MILAN — The U.S. State Department has approved a possible sale to replenish Saudi Arabia’s stocks of spare and repair parts for the country’s fleet of combat vehicles, at an estimated price tag of $500 million.
The Defense Security Cooperation Agency, which oversees foreign arms sales for the United States, announced Sept. 21 that a possible foreign military sale to that effect is pending, though the notice to Congress doesn’t mean a contract is set in stone.
The Gulf country requested to purchase repair parts to sustain the Royal Saudi Land Forces fleet of Abram and M60 tanks; Bradley fighting vehicles; mortar carriers; mine-resistant, ambush-protected vehicles; light armored vehicles; howitzers; night vision devices; radar sets; and more.
The proposed sale would be carried out through the existing Cooperative Logistics Supply Support Arrangement program, in which Saudi Arabia has participated since 1965.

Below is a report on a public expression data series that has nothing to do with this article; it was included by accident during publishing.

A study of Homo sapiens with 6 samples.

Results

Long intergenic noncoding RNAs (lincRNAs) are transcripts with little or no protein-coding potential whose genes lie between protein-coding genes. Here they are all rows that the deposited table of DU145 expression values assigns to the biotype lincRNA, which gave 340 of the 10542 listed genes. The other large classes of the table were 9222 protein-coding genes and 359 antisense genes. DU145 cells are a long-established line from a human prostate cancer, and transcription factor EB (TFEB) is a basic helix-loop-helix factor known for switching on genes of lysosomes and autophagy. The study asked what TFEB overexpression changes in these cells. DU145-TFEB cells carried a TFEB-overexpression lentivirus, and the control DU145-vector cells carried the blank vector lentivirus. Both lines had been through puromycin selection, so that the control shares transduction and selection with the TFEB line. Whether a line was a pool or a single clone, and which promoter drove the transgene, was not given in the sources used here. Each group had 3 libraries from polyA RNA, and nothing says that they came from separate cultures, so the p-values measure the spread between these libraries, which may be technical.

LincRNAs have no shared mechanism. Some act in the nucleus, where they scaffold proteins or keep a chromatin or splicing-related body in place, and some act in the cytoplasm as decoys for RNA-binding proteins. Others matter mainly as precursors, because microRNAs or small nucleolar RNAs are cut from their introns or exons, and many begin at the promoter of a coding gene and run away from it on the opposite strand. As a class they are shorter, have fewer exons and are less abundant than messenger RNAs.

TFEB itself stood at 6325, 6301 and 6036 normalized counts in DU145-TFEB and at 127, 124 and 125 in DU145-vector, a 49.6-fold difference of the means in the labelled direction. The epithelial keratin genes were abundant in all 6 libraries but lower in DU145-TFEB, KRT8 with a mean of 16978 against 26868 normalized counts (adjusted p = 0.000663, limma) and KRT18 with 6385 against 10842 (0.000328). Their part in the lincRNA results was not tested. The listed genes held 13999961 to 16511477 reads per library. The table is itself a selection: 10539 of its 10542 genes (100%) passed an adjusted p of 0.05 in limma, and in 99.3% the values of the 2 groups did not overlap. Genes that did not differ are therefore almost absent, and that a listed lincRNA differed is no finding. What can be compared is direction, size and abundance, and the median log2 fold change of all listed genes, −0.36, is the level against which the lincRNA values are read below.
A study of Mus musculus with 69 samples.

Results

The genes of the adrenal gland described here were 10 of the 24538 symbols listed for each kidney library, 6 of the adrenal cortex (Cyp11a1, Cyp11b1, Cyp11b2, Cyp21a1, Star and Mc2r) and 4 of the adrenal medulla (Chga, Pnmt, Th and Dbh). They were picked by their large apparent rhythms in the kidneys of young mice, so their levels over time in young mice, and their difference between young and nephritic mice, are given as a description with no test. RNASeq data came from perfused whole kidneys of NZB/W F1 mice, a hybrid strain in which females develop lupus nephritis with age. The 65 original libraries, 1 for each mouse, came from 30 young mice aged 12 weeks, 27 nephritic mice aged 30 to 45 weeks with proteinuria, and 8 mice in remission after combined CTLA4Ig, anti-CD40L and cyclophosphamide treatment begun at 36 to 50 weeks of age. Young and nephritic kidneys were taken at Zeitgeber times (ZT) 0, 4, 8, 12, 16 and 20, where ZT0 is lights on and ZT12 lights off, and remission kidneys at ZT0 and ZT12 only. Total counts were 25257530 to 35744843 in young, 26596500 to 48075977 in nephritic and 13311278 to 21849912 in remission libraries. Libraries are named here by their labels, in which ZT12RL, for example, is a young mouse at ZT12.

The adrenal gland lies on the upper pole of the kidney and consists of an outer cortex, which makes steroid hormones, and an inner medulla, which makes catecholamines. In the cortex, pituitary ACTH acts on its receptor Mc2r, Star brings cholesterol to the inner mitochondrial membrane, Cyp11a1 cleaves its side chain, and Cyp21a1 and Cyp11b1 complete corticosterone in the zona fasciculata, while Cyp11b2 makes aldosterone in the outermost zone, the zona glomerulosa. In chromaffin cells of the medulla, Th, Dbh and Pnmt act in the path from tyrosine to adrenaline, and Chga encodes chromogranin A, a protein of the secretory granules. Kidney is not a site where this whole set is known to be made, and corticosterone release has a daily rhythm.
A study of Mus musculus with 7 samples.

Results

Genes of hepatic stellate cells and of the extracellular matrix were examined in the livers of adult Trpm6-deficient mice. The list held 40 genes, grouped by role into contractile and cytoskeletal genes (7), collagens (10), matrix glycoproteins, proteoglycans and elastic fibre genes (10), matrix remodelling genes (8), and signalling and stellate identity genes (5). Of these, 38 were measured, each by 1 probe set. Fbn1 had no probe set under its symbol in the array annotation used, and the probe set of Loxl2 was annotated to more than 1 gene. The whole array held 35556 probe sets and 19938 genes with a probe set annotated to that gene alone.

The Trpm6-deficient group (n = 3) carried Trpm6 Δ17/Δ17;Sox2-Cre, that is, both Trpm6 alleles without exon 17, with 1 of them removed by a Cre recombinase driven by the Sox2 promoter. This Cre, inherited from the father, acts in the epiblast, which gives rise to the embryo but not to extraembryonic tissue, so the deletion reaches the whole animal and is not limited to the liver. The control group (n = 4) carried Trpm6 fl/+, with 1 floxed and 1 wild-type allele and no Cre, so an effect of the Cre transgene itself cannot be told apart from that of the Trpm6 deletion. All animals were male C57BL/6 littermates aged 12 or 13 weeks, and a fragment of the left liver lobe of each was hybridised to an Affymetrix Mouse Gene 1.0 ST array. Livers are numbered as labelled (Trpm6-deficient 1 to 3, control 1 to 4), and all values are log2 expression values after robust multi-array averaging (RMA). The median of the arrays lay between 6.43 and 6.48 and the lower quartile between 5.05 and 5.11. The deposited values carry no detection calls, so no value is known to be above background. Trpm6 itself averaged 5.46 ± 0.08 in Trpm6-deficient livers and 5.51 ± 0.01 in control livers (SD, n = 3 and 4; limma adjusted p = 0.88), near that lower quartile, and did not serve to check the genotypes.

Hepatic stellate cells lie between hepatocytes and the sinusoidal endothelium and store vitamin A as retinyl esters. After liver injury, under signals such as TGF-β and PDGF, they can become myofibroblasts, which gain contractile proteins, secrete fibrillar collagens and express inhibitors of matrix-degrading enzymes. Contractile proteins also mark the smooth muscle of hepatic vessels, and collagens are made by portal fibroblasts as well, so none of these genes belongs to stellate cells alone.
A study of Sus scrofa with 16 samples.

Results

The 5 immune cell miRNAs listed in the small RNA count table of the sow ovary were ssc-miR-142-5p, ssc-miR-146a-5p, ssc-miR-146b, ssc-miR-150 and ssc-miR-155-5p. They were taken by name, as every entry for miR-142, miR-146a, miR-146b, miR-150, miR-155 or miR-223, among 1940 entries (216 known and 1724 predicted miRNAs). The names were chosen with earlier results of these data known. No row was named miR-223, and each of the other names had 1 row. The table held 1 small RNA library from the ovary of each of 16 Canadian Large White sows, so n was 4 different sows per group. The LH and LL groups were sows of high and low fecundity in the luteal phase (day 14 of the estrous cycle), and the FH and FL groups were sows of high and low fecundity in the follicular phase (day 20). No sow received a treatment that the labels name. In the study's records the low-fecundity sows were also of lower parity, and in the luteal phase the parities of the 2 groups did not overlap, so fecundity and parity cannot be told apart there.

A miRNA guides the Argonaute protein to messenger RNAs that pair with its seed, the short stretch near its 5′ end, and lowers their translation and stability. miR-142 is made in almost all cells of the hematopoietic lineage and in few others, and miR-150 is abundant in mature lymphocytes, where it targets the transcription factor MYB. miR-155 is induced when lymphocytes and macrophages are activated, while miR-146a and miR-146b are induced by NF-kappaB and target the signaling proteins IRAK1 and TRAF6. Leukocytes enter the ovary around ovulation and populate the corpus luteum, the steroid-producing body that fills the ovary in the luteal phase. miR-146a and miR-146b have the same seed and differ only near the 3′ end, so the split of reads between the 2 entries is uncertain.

Listed repair parts would be withdrawn from the U.S. Defense Department’s supply system, although the DSCA said this would have no adverse impact on the United States’ defense readiness.
This transaction is said to support U.S. foreign policy and national security objectives by supporting a strategic partner’s self-defense and promoting stability in the Middle East.
In 2016, Riyadh requested to buy up to 153 M1A1/A2 tanks for conversion to 133 M1A2S Saudi Abrams-configured main battle tanks as part of a $1.2 billion deal. At the time, a Pentagon announcement stated that 20 of these were being newly purchased as battle damage replacements for the country’s existing fleet.
The Saudi military is believed to have lost the Abrams tanks in Yemen while fighting Iranian-backed Houthi rebel forces.
Elisabeth Gosselin-Malo is a Europe correspondent for Defense News. She covers a wide range of topics related to military procurement and international security, and specializes in reporting on the aviation sector. She is based in Milan, Italy.